Like most people, I am wary of bad news phone calls: The school nurse saying my daughter has just thrown up all over the hallway floor; the doctor asking me to come in for a second mammogram because she spotted some anomalies in the first; a neighbor letting me know that our dog has run away and is dodging between cars in the intersection near our house.
But the phone call I received two weeks ago was one I never expected to get: My mom called me from the hospital to tell me she’d just had a heart attack.
“What?” I screeched into the phone after she delivered the news, trying to process what she had just told me. Cancer has run a nasty course on my side of the family, so I thought that was our thing to watch out for. But a heart attack? I’d never even considered it.
After reassuring me that she was OK, my mom told me how her nightmare had unfolded. She had been feeling minor chest pain off and on for a few days but just chalked it up to being a little out of shape. But that day, when she was on her morning walk and had to stop twice to rest on a hill she usually had no trouble climbing, she knew something wasn’t right.
She decided to turn around, head home and start looking online for an urgent care center – all precautionary measures, of course, because in her mind, she wasn’t the kind of person who could actually have a heart attack.
About 10 minutes after getting home, she started feeling really lousy – more than just nausea, it was heavy sweating, arm tingling, fuzzy hearing, unclear thinking and crushing chest pain.
“I think I’m going to faint,” she told her sister, Sally, who had been with her on the walk.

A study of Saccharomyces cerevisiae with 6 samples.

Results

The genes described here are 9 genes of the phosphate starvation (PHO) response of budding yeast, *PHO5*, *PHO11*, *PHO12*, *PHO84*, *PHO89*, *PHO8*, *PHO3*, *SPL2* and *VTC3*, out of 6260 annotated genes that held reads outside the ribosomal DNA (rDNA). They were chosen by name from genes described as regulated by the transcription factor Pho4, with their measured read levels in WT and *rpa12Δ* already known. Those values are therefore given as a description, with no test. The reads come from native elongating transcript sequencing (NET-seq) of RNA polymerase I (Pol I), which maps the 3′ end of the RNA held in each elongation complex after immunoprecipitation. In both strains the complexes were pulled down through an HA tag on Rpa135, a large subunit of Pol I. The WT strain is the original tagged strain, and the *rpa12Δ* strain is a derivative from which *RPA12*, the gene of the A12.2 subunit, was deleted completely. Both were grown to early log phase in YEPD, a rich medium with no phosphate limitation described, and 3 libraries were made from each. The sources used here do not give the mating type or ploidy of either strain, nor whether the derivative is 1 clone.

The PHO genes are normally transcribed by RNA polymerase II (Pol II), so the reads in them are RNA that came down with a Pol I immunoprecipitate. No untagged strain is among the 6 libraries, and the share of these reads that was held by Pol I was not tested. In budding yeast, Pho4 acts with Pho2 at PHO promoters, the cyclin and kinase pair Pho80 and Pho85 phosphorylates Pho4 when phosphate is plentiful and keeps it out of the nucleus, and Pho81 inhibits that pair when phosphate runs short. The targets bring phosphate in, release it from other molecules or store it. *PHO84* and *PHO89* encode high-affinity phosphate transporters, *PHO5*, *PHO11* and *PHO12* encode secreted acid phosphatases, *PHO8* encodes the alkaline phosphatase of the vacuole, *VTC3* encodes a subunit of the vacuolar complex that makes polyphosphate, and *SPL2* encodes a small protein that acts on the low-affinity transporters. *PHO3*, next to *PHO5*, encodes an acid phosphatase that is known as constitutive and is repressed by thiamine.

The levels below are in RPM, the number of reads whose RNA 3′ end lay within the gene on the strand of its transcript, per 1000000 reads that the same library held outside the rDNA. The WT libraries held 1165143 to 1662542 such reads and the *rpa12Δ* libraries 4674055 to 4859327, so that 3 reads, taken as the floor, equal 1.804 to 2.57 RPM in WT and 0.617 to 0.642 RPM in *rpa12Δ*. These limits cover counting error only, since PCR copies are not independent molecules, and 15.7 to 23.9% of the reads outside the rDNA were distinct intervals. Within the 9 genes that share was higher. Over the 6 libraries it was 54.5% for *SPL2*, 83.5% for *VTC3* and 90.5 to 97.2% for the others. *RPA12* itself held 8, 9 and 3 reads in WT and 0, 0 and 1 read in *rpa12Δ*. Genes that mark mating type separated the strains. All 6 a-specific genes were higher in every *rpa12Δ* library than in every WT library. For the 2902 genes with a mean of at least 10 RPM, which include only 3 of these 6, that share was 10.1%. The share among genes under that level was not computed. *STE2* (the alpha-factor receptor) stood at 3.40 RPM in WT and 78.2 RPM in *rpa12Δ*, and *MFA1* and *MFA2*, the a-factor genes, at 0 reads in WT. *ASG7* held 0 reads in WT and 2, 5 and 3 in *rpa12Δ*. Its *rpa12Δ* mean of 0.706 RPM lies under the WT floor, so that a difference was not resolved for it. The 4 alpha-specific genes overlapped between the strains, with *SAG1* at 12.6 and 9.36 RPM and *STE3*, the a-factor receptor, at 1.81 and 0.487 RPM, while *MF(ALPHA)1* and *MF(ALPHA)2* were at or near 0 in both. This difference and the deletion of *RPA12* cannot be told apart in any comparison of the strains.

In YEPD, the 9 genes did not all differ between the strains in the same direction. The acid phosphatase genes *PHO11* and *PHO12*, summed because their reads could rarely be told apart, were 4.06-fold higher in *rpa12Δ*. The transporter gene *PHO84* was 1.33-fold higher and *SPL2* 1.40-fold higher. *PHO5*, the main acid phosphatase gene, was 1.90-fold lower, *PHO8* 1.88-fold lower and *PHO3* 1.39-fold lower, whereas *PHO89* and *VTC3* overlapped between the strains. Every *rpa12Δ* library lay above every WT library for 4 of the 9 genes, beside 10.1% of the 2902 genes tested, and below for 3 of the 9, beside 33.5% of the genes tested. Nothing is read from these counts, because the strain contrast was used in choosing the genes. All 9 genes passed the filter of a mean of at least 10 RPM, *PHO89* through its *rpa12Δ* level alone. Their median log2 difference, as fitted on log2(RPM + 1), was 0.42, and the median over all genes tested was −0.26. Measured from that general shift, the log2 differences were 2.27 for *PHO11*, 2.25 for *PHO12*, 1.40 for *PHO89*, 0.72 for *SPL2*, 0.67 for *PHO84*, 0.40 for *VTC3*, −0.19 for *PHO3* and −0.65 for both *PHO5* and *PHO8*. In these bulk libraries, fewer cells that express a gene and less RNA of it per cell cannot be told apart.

Immediately, Sally got her onto the floor and had her husband call 911. Within minutes, paramedics were at my mom’s side. By the time they got to a hospital, there was a team of cardiac specialists ready and waiting for her.
They did what they do – I can’t even pretend to understand it – and placed a stent in one of her arteries, which they discovered was 99% blocked. Her doctor came in to talk to her a few hours after the surgery.
“You are now one of the few people in the world who knows what a heart attack feels like,” he said. “If you ever start feeling like that again, get yourself straight to a hospital.”
It’s a gift of knowledge my mom isn’t taking lightly. The day after her heart attack, while she was still resting in the hospital, she sent each member of our family a link to a video by the American Heart Association titled “Just a Little Heart Attack.”
In it, a young working mother, hilariously portrayed by Elizabeth Banks, is getting her family ready for school. In between blending smoothies and editing legal documents, she is sweating bullets and just about passing out from chest pain. Finally, she calls 911.
“Hi, sorry to bother you,” she says sheepishly. “I think I might be having a little heart attack.”
My mom said she’d seen that video a year ago and watched it over and over because she thought it was so funny. But it came to mind as her heart attack symptoms started. “That video was magic for me,” she told me later. “If there’s anything that probably saved me, it was watching that.”
February is American Heart Month. Regardless of whether you think heart disease is a problem in your family (I certainly didn’t until two weeks ago), please visit the American Heart Association at heart.org and familiarize yourself with the signs and symptoms of a heart attack.
And then do what you can to keep your heart healthy.It might be the only thing standing between your family and a phone call they wish they’d never had to take.
Julia Ditto can be reached at firstname.lastname@example.org.